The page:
Legal Department Merger | Post Merger Integration | Argopoint

Integrating two in-house legal organizations is a difficult task.  The risks and potential pitfalls become even greater when merging two unique legal departments who are simultaneously managing ongoing high-stakes legal matters.

Merger Integration for Corporate Legal Departments


 Corporate Legal Department Merger Integration: Objectives

Mergers and acquisitions can create a climate of tension and uncertainty.  For a corporate legal department, merely keeping up with existing responsibilities while navigating a rapidly changing corporate environment can seem like success in itself.  However, the day-by-day “firefighter” approach is hardly sustainable and leaves recently merged corporate legal departments slow or unable to capitalize on the potential long-term value created through the merger.

Legal departments dedicated to a smooth post-merger integration have taken a proactive approach.  This involves setting specific objectives, creating an execution plan and working closely with colleagues, new and old, in order to stabilize the new organization, integrate operational and cultural practices and streamline processes.

Corporate Legal Department Merger Integration: Overview

Corporate mergers and acquisitions demand senior legal executives to be adept at integrating diverse legal organizations.  Legal department leadership needs to drive alignment around several key strategic and tactical considerations.  At the highest level, leadership must be clear on the characteristics and goals of the merger.  For example, is this a unification of peer organizations or a true acquisition?  Will the value of this merger be realized in cost savings or growth opportunities?  Will functions from both legal departments be consolidated or will some pre-existing practice areas continue to operate separately?

Once the nature of the merger is determined, legal executives must develop an appropriate approach.  When should the integration start?  Which aspects of the integration must occur rapidly under significant time pressure?  Which aspects can be delayed if necessary?  Similarly, leadership must decide on a communication protocol.  Who are the decision makers, and how will decisions be communicated?

Only with clearly articulated goals, a timeline and a list of priorities can merging legal departments determine to what extent change management is required.  In many situations, executives realize a need for change management too late.  Sometimes the work performed in practice areas and by the legal professionals supporting them change very little, but a rigorous timeline or a negative perception surrounding the merger creates a need for increased managerial support.  In other cases, deeper-seeded issues (e.g., geographic coverage, vendor consolidation, conflicts) may not become apparent until well into the integration.  Our experience has shown that thoughtful reflection at the front-end of a merger goes a long way in reducing long-term transition pains.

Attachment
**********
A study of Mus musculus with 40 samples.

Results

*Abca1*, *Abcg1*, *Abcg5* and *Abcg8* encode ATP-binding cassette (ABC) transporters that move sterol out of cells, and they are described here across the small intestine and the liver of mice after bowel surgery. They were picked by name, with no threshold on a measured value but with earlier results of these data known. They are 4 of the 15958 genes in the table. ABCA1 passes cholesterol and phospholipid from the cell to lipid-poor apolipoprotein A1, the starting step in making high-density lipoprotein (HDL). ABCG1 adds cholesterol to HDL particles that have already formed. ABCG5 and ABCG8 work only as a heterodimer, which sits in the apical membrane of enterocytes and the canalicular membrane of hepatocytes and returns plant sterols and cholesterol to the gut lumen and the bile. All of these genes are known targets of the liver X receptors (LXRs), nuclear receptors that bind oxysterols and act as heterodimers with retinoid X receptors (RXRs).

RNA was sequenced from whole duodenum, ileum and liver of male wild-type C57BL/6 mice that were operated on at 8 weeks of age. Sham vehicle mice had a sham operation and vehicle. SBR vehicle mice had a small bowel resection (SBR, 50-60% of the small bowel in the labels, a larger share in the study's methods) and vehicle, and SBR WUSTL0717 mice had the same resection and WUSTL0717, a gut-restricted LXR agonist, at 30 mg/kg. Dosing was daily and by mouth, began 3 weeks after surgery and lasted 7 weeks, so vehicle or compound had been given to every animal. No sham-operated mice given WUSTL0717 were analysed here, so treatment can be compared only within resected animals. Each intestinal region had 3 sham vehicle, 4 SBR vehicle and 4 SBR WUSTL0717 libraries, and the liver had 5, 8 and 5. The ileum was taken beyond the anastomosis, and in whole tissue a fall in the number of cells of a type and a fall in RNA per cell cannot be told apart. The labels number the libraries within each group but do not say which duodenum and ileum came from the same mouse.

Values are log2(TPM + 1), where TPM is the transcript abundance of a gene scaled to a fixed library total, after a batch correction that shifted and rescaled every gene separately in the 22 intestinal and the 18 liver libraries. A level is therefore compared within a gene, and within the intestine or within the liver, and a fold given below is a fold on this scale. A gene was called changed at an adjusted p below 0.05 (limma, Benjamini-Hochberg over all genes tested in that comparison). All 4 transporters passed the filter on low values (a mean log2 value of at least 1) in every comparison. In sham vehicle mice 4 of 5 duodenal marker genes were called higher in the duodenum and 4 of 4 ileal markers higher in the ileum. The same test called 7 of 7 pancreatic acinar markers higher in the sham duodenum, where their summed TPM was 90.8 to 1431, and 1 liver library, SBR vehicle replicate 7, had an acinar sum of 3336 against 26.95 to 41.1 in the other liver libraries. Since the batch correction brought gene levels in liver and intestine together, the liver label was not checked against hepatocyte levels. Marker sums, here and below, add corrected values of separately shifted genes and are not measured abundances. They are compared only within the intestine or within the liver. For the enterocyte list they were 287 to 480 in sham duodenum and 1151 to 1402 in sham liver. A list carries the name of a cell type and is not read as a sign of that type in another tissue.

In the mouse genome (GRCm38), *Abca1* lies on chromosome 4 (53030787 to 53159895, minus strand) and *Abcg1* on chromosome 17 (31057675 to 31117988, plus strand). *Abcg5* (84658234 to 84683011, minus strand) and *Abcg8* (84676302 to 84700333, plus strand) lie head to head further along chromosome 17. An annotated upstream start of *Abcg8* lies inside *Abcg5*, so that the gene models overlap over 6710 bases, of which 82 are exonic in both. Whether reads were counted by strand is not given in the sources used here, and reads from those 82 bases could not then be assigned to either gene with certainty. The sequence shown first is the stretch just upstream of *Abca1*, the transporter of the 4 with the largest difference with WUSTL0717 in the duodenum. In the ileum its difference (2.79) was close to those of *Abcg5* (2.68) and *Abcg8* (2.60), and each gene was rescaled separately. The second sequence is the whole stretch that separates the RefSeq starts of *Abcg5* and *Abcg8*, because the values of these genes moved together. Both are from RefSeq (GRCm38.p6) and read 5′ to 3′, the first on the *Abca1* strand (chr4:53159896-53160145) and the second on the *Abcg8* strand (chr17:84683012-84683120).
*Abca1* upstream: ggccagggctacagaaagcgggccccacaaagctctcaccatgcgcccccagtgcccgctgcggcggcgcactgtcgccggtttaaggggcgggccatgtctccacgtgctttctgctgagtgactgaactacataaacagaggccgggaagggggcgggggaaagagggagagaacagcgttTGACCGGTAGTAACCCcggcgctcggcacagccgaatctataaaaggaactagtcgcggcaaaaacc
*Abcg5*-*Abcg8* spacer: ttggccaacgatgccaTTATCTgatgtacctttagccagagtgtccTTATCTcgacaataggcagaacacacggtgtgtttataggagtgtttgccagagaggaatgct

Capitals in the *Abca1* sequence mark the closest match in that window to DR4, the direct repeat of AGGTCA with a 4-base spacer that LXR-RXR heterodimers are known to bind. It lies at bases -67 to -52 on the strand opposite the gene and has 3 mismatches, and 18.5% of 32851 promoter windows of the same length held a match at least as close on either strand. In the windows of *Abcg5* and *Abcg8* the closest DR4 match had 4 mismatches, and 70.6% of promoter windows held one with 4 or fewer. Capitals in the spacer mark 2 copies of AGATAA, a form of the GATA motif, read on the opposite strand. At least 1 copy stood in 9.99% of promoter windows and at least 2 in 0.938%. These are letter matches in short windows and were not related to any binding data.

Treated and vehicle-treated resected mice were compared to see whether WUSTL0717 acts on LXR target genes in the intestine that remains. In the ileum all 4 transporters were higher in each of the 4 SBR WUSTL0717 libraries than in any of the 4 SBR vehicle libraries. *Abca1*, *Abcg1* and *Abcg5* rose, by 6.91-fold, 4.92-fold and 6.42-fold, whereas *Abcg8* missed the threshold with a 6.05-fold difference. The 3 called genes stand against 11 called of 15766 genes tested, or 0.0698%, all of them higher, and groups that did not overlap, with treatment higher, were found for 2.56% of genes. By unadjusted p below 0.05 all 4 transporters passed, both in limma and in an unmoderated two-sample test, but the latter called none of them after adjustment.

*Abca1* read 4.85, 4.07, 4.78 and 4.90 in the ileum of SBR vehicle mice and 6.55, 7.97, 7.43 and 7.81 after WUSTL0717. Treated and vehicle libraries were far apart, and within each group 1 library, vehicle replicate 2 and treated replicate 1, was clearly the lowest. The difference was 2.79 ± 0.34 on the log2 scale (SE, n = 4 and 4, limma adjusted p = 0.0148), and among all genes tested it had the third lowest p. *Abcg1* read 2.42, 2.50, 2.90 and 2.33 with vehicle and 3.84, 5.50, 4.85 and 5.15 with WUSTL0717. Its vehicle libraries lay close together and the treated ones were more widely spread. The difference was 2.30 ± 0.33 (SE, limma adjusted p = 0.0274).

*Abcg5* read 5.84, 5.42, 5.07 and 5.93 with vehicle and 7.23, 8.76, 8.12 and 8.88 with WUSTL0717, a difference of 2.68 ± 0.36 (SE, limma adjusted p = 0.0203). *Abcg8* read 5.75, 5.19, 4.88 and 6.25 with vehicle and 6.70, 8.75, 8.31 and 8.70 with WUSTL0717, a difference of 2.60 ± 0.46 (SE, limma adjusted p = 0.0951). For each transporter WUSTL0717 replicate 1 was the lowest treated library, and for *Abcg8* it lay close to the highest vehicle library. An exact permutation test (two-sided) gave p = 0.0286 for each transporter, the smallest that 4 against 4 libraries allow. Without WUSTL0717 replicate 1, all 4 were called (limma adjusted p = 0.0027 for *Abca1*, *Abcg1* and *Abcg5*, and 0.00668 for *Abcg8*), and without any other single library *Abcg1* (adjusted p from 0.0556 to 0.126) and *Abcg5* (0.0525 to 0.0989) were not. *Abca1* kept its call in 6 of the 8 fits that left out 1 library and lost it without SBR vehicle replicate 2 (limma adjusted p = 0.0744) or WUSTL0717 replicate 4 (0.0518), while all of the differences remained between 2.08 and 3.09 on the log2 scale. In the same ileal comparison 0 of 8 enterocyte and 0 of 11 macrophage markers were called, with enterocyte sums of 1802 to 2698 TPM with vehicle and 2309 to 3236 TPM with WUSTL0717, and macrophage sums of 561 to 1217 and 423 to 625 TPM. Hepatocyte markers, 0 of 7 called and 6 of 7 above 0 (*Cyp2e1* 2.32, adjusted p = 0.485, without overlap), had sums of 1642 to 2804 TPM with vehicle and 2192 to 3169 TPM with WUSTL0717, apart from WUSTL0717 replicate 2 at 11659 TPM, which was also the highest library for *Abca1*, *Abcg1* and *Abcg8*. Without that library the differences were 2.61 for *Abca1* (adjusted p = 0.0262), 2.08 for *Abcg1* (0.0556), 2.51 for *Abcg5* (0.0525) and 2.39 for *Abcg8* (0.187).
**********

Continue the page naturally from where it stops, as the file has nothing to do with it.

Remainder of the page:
Corporate Legal Department Merger Integration: Solutions and Savings

Argopoint has expertise in legal group integration that is beneficial during both pre- and post-merger periods.  Our support helps our clients capture synergies and savings more quickly while minimizing the impact on “mission critical” day-to-day activities of the in-house legal organization.  Though our initial framework for approaching mergers is always consistent, our experience has underlined the reality that every merger requires a customized solution.  When crafting unique support tools for a merger, we consider several key criteria in both merging organizations including: organizational stability, corporate culture, operational competencies, technological competencies, key processes and geographic reach.  

Close collaboration with our clients to better understand their organizations helps us develop a tailored implementation plan.  Our experience has shown the importance of planning the post-merger integration plan as early as possible (ideally before closing) in the interests of establishing a consistent approach.

The next step is to implement the plan.  Beyond supporting the actual execution of the integration plan, our role is to ensure that the precepts and objectives determined during the initial phase of the integration remain as guiding principles during implementation.

After the first (and arguably most critical) months of integration, we help our clients cope with unanticipated issues, providing strategies and tactics to ensure the merger yields long-term value.  We acknowledge that legitimate factors, ranging from legacy legal matters to highly specialized legal expertise, often hinder the rapid integration of merged legal departments.  In some cases, certain aspects of two merged legal departments remain “unmerged” even years after the closing.  In those cases, our deep experience and broad industry perspective enables our clients to objectively revisit the original objectives of the merger, determine whether they have met those objectives, modify department-wide goals and implement action-oriented solutions.